Parents cannot tell if their children are obese, experts find

PARENTS with obese children may not be able to recognise that their child is overweight unless they are at very extreme levels of obesity, research has found.

In the study only one per cent of parents underestimated their child's weight. Picture: Getty
In the study only one per cent of parents underestimated their child's weight. Picture: Getty
In the study only one per cent of parents underestimated their child's weight. Picture: Getty

The study found that parents were more likely to underestimate their child’s weight if they were black or south Asian, from more deprived backgrounds or if the child was male.

The research, which is published in the British Journal of General Practice, discovered that just under a third (31 per cent) of the parents that took part in the study underestimated where their child’s body mass index (BMI) was on obesity scales, which classify children as very overweight (or obese), overweight, healthy weight, or underweight.


According to official guidelines, children are classified as overweight at the 85th centile (hundredth) and very overweight (or obese) at the 95th centile.

The team estimated that for a child with a BMI at the 98th centile, there was an 80 per cent chance that the parent would classify their child as a healthy weight.

But the experts recognised that parents became more likely to classify their child as overweight when the child had a BMI above the 99.7th centile.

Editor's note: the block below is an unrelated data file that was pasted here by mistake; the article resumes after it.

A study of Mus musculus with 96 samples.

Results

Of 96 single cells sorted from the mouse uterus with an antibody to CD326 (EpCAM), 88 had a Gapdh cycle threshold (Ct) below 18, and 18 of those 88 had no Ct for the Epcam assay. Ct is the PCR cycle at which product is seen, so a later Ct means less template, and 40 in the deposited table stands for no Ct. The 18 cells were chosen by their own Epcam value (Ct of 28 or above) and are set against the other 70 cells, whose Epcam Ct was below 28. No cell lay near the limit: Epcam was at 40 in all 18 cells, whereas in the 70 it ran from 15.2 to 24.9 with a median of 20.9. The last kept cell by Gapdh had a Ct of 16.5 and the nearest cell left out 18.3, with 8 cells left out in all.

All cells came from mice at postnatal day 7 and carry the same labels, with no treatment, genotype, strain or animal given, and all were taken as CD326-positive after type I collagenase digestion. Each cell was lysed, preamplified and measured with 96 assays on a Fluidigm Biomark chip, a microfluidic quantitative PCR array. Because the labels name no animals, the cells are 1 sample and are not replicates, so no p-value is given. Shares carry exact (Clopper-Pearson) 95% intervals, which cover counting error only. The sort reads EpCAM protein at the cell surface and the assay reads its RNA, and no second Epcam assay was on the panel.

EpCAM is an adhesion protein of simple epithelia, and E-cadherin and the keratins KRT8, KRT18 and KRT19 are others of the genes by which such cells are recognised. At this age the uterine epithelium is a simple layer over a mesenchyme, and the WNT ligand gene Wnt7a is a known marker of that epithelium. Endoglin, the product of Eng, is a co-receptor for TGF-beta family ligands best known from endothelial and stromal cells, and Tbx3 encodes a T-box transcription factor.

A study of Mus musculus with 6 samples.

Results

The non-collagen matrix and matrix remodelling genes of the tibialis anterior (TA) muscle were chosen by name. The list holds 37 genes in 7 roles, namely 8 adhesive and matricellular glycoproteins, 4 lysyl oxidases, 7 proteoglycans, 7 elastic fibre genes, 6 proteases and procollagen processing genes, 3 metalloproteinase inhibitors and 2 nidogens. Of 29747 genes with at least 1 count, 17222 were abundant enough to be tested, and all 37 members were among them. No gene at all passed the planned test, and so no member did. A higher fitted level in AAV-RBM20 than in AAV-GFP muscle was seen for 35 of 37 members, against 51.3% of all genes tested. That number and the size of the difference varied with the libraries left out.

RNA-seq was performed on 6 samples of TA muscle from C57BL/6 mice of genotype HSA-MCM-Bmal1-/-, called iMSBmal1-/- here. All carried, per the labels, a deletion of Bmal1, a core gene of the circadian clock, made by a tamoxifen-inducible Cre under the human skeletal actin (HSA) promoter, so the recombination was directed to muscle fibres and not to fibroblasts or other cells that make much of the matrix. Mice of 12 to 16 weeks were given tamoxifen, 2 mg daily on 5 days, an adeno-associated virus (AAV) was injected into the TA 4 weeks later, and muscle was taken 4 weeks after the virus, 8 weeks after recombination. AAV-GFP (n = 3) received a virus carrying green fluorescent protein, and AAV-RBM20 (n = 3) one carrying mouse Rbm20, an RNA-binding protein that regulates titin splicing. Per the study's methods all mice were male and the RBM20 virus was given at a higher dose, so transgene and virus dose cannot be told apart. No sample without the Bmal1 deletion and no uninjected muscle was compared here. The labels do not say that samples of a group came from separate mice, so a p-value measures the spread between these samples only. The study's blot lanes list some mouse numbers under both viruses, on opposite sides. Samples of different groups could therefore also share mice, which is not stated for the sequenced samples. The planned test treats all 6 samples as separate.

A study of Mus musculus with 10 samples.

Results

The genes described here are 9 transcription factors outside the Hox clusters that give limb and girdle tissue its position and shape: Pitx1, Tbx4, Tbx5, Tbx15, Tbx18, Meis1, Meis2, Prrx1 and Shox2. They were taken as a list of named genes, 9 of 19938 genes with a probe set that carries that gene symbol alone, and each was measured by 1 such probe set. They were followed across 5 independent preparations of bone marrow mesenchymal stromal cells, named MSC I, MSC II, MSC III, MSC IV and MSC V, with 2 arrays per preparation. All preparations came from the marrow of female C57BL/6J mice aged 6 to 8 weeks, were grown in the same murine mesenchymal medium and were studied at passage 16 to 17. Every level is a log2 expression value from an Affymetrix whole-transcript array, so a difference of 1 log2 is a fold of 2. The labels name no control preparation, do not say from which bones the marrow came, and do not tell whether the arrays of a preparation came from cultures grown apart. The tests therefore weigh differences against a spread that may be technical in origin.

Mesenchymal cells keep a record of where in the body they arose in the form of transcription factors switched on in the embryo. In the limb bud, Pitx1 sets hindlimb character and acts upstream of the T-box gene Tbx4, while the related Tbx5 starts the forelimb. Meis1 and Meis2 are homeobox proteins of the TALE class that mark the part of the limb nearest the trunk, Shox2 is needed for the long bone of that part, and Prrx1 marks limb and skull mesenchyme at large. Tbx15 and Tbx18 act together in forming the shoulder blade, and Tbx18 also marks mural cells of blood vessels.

Researchers suggested that if parents cannot identify when their child is overweight, it leads to questions about the effectiveness of current public health interventions which aim to address the growing problem of obesity in the home.

Recent research found that a third of children in England are now classed as overweight or obese.

They said potential explanations for parents’ underestimations may be fear of being judged, unwillingness to label a child as overweight, and shifting perceptions of normal weight because of increases in body weight at a societal level.

They said evidence suggests that parents who recognise their child’s weight status are more likely to perceive potential health risks.


The team said the research could help evaluate how effective public health interventions for obesity in children are likely to be in different groups of the population.

Senior author Dr Sanjay Kinra, reader in clinical epidemiology at the London School of Hygiene and Tropical Medicine, said: “If parents are unable to accurately classify their own child’s weight, they may not be willing or motivated to enact the changes to the child’s environment that promote healthy weight maintenance.”

Co-author Professor Russell Viner, academic paediatrician at the UCL Institute of Child Health, said: “Measures that decrease the gap between parental perceptions of child weight status and obesity scales used by medical professionals may now be needed in order to help parents better understand the health risks associated with overweight and increase uptake of healthier lifestyles.”